The Tequesta lived in the southeastern parts of present-day Florida. The Tequesta tribe lived on Biscayne Bay in what is now Miami-Dade County and at least until Pompano Beach. Their territory may have also included the northern half of Broward County and southern and central Palm Beach County.
Like the other tribes in South Florida, the Tequesta were hunters and gatherers. They relied mainly on fish, shellfish, nuts, and berries for food.
The Tequesta Indians were a tribe of eastern Florida, closely connected with the Ais. Their language was never recorded. Like the Calusa, the Tequesta were devastated by European diseases.
The Tequesta (also Tekesta, Tegesta, Chequesta, Vizcaynos) Native American tribe, at the time of first European contact, occupied an area along the southeastern Atlantic coast of Florida. They had infrequent contact with Europeans and had largely migrated by the middle of the 18th century.
The Europeans brought diseases with them that the Timucua easily caught and died from, since their bodies did not have natural resistance to the diseases. The Spanish taught the Indians how to live like Spanish did.
Like other south Florida Indians, the Tequesta wore very little clothing, just breechcloths ( loincloths ), perhaps made of palmetto, for the men, and skirts of Spanish moss for the women.
What kinds of games did Tequestas play? skit-ball, where you hit a ball and it bounces off a wall before you hit it! They also played a game with a stick called wee.
Sharks teeth were used to carve out logs and make canoes for hunting expeditions. Their houses were never permanent and were made similar to chickee huts. The homes were thatched together with palmetto leaves. They had a main kitchen area, known as the midden, which was used by everyone.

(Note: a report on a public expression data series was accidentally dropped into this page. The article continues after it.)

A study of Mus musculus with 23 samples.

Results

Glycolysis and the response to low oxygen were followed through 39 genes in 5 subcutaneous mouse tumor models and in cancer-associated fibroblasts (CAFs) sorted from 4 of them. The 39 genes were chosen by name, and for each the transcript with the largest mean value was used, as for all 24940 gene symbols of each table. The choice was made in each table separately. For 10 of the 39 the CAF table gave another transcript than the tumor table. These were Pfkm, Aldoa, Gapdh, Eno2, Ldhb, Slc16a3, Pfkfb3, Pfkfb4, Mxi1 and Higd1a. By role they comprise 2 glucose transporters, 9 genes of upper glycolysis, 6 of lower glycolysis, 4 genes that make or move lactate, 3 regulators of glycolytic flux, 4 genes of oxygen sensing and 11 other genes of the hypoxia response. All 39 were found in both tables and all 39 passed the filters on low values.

Enemy Indian tribes from Georgia and South Carolina began raiding the Calusa territory. Many Calusa were captured and sold as slaves. In addition, diseases such as smallpox and measles were brought into the area from the Spanish and French explorers and these diseases wiped out entire villages.
In North Florida lived two highly organized, farming tribes the Apalachee of the Tallahassee Hills and the Timucuans, located between the Aucilla River and the Atlantic Ocean as far south as Tampa Bay. These people were latecomers to Florida and brought with them farming skills beyond those tribes of the South.
The Tequesta, who had dugout canoes, were also known to trade with neighboring tribes for exotic materials. The Tequesta had no agriculture, but gathered fruit and plant roots. They also consumed venison, Caribbean monk seal, sea turtle, manatee, shark, fish and shellfish.
Tequesta is in Palm Beach County and is one of the best places to live in Florida. Living in Tequesta offers residents an urban suburban mix feel and most residents own their homes. In Tequesta there are a lot of restaurants and parks. Many retirees live in Tequesta and residents tend to lean conservative.
The homes of the Native American tribes of Florida had similarities. All five tribes used wooden poles and branches for the frames of their homes. The Apalachee, Tequesta, Tocobaga, and Timucua all created walls and roofs from grass and palm leaves. The Timucua and Apalachee also used mud and clay in their walls.
There are 2.31 miles from Tequesta to Jupiter in southeast direction and 3 miles (4.83 kilometers) by car, following the West Riverside Drive route. Tequesta and Jupiter are 7 minutes far apart, if you drive non-stop.
The Calusa tribe in Florida planted rows of trees near its villages to protect against hurricanes. Explanation: The Calusas were also distinct among other Native Americans because they were headed by a hereditary king.